After Randy Cox

Carlos D. Rebollo, Contributing Writer


Richard “Randy” Cox, a New Haven resident, was paralyzed from the neck down from an injury sustained during a ride in a police van after Cox was arrested for allegedly brandishing a gun at a block party. When the officer driving the van abruptly hit the brakes, a video shows that Cox’s body was tossed from one side of the vehicle to the other. The video also shows that New Haven police officers ignored Cox’s pleas for help, while saying that Cox was “fine.”

The charges against Cox were dismissed in October.

I watched the entire coverage from a prison cell, including the $100 million lawsuit that was filed on his behalf. An apology was issued by the New Haven police department, then new policies and training were issued to prevent a similar tragedy.

A month after Cox was paralyzed, Karl Jacobson became police chief in New Haven, and Jacobson, a member of the New Haven Police Department for more than 15 years, was faced with the reality of Cox’s treatment. He must also face the reminder that a promise to reduce crime would begin by holding his officers accountable.

After 24 years in prison, I was released into a society that was amped with criminal justice reform efforts, four months after the Randy Cox tragedy. Two correctional officers led me outside of the prison and into a van-just like the one Cox had been placed in. I asked how it was possible that that particular model was still being used after the tragedy. I was told that the best vans were taken by third-shift officers. Whatever vehicles remained would be put to use.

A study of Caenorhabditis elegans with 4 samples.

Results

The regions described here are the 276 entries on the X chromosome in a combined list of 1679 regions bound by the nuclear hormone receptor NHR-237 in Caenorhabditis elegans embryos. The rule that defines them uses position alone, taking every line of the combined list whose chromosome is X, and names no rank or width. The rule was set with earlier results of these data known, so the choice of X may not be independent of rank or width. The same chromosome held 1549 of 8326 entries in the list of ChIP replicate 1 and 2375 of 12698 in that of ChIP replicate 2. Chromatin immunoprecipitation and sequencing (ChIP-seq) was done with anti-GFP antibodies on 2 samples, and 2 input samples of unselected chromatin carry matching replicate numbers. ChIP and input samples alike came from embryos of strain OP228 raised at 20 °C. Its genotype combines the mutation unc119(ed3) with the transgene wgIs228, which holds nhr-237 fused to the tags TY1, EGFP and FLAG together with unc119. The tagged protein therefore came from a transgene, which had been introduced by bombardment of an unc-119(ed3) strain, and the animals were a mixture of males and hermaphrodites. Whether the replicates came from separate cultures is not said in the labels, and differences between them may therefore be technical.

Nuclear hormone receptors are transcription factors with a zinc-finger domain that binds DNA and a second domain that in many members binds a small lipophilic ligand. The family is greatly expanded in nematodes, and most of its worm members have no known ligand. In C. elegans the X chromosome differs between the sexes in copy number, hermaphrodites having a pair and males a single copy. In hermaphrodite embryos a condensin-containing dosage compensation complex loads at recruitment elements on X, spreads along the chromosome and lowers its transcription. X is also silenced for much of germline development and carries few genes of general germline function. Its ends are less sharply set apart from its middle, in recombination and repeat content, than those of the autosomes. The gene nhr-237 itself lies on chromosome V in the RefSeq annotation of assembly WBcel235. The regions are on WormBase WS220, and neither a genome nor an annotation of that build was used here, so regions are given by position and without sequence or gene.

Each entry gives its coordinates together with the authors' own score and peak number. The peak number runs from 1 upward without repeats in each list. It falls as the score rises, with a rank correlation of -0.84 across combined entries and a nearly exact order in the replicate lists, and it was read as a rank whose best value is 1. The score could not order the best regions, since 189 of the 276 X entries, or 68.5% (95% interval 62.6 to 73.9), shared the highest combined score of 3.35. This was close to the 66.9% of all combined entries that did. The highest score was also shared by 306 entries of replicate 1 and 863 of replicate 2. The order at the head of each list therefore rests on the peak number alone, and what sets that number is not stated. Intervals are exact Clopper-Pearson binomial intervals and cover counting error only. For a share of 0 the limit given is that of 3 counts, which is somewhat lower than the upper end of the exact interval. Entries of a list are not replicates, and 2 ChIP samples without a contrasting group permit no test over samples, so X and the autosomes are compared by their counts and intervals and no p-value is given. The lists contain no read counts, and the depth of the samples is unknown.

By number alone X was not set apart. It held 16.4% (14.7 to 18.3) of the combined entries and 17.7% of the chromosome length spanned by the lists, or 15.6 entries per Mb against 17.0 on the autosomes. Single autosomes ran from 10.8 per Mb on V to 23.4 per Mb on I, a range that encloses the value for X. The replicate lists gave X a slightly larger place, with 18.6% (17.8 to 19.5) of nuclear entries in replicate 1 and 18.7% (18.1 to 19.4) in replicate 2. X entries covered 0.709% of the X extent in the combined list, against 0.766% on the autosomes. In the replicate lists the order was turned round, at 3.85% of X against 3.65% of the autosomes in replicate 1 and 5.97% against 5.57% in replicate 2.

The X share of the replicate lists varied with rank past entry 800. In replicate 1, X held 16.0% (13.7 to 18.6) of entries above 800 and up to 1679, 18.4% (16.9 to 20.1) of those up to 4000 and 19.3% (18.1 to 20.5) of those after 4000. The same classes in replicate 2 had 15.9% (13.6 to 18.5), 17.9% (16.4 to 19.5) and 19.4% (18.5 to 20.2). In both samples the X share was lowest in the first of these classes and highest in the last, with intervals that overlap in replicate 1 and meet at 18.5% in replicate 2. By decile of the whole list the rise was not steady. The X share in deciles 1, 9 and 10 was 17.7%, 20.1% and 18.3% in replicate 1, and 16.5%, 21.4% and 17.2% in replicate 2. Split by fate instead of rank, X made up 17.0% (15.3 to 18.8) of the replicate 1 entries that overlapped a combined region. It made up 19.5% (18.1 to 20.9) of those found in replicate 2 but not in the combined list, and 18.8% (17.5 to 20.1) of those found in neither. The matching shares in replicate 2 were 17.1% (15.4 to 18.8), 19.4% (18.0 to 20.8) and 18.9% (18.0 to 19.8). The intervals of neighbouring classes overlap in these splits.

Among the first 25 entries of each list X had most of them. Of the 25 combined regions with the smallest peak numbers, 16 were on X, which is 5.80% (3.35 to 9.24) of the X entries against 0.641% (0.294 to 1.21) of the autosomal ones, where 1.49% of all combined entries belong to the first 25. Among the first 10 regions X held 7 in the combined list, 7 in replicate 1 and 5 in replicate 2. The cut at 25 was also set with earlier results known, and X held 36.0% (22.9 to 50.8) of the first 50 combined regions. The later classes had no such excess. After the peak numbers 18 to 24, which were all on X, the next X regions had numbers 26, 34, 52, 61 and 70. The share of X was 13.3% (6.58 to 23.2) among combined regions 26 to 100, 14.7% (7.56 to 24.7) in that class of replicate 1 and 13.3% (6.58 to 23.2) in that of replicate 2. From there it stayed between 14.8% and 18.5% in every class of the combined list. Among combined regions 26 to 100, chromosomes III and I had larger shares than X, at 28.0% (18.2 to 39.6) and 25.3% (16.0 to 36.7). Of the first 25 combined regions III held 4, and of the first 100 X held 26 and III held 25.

On my ride, I thought I would die in the vehicle that contained no seatbelts and sent me from one side to the other. I was nauseous. I was dizzy. I threw up. There was little air circulation, and while the officers blasted their favorite music, my complaints were met with the same indifference as had met Cox’s. The correctional officers said at that time that I had a weak mind and a weak stomach. Before me, a young man was left paralyzed. Families were devastated and communities were outraged, yet the practice of dehumanization had not stopped.

According to the CT Mirror, governmental immunity was claimed on behalf of the city of New Haven, and Mayor Justin Elicker and Chief Jacobson said that “the city was just covering its bases.” The reality of the officers’ conduct disappeared into arguments of abstract institutions denying accountability. The culprit became the city–the entity made up of the very citizens and police officers that compromise it. The lawsuit and the paralysis would only be borne by those paying for the security of their rights. The claim by officers involved is that Cox failed to act as a “reasonable, prudent person under the circumstances.” I was also in the same van, on my way to freedom; what could I have done to be more “reasonable,” and “prudent” to not have been treated with such disregard? If the headlines, from the New Haven Register for example, are going to read “New Haven seeks ‘reasonable settlement’,” then the consequence will always be that the victims of the city, state and country will always pay the costs for government violations of human rights.